It's quite snappy to have all the museums concentrated in People Square. It made for pleasant strolls over 2 mornings. I passed by the Shanghai Grand Theatre (上海大剧院), which is certainly more beautiful when fully lit in the nights. The month of February doesn't yield attractive programmes or performances for me though.
I made a quick stop at the Urban Planning Exhibition Hall (上海城市展览馆) housed in an ultra modern sleek glass facade. The architectural models of the city are intricate and expansive. But more so, I was interested to see the development of the city from the government's perspective so that I could contrast or compare it to what I'm seeing in the streets, Hangzhou and Suzhou. Certainly, the city doesn't lack vision, and it's by no means less sophisticated than the likes of Dubai, Chicago and New York City.
The Shanghai Museum (上海博物馆) was breathtaking. Since I grew up in Asia and studied Chinese history in depth and had seen extensive artifacts in previous trips to the country, I thought I wouldn't linger long at this museum. But I did! It was an absolute pleasure to walk through the galleries of bronze, ceramics, paintings, sculpture, jade, seals, calligraphy, wood, furniture, etc. Feeling all inspired and arty-fart from viewing the rich culture within, it was mind-boggling to step out to be greeted by 3 humans spitting in different directions. It was truly, a WTF moment.
I went to the Chanel exihbition at the Museum of Contemporary Art (当代艺术馆). But this exhibition isn't a visual feast like the Valentino exhibition at home at RWS. It's more informative than aiming to provide a stunning spectacle. Culture Chanel (文化香奈儿) is a well-curated portrayal of artwork, manuscripts and films. There's just 1 bag on display; no shoes, alot of bling and pearls. But the focus isn't quite on the bags or the dresses. It's intended to provide a perspective to the evolving designs and thought processes behind the brand. Interjected with Marcel Proust's manuscripts and Picasso's sketches, as well as the costumes made for Ballet Russes' "Le Train Bleu" (something I didn't see in London), formed the backdrop of the cultural scene of the era.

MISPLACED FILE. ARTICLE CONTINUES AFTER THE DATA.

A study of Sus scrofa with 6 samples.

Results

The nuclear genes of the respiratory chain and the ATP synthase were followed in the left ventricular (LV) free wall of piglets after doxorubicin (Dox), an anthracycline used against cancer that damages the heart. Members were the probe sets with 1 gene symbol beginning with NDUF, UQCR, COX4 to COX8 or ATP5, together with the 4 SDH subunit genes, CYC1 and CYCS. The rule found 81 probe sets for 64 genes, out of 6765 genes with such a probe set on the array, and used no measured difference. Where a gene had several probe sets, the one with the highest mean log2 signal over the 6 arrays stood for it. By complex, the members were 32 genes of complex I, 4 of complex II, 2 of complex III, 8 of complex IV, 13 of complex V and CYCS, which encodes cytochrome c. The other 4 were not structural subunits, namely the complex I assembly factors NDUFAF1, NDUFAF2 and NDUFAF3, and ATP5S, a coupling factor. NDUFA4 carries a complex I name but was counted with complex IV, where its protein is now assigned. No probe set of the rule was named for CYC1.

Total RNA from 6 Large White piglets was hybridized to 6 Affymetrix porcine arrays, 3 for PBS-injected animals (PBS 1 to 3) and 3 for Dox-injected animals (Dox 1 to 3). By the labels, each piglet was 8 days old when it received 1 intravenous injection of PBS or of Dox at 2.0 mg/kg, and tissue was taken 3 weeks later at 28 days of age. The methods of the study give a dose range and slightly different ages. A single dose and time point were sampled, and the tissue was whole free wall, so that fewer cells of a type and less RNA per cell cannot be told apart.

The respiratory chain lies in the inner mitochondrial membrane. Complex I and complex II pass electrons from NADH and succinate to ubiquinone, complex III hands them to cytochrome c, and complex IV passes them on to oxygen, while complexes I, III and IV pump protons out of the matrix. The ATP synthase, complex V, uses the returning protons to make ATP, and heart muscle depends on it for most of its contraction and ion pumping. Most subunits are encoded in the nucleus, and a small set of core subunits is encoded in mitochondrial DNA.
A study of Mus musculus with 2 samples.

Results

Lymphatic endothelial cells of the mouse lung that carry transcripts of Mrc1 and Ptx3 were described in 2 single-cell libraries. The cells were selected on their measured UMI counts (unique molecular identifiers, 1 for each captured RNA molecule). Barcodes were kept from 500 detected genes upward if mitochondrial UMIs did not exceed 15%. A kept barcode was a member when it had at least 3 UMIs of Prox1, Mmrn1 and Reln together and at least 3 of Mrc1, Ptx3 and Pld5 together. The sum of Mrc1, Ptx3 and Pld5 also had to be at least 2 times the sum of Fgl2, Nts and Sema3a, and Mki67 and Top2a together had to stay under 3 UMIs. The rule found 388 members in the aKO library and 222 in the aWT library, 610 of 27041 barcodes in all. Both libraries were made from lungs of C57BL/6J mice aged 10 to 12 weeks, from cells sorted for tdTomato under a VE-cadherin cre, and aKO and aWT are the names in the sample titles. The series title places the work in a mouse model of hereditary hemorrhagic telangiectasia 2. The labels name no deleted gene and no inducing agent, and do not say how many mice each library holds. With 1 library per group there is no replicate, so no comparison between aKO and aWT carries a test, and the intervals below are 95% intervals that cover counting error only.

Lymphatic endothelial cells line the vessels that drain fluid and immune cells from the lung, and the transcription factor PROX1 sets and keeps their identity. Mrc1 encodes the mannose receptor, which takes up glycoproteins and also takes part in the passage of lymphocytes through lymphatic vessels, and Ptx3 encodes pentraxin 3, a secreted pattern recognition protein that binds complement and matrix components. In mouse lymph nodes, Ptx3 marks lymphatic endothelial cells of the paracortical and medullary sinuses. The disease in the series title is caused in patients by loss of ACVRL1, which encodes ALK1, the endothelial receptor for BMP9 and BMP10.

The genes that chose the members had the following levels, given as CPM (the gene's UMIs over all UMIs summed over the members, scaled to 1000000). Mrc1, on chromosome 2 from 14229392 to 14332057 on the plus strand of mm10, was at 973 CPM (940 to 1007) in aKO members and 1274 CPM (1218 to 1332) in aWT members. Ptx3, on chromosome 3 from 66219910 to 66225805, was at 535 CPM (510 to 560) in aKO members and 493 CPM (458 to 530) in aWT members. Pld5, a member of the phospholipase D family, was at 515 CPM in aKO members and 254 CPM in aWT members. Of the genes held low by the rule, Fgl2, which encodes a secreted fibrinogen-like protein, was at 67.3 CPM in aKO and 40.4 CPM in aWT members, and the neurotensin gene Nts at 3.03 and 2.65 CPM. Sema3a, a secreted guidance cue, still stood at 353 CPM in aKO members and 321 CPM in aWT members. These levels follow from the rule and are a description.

After hearing the clock tower's bells toll noon, I went into the Shanghai Art Museum (上海美术馆) to have a look at their first exhibition of 2011- Xu Kuang's (徐匡) works comprising of wood engravings, sketches, watercolors and oils. His later day modern art pieces of wood engravings were meticulously carved in mostly black and white, or rather black and brown. I know nothing about Chinese artists, but I can appreciate their compositions drawn from a bygone era, or from the colorful ethnic make-up of the country.
There's such an oasis of calm that wraps around the mind visiting the museums and wandering around the spaces. It makes me happy, and a little more fortified somewhat, for whatever.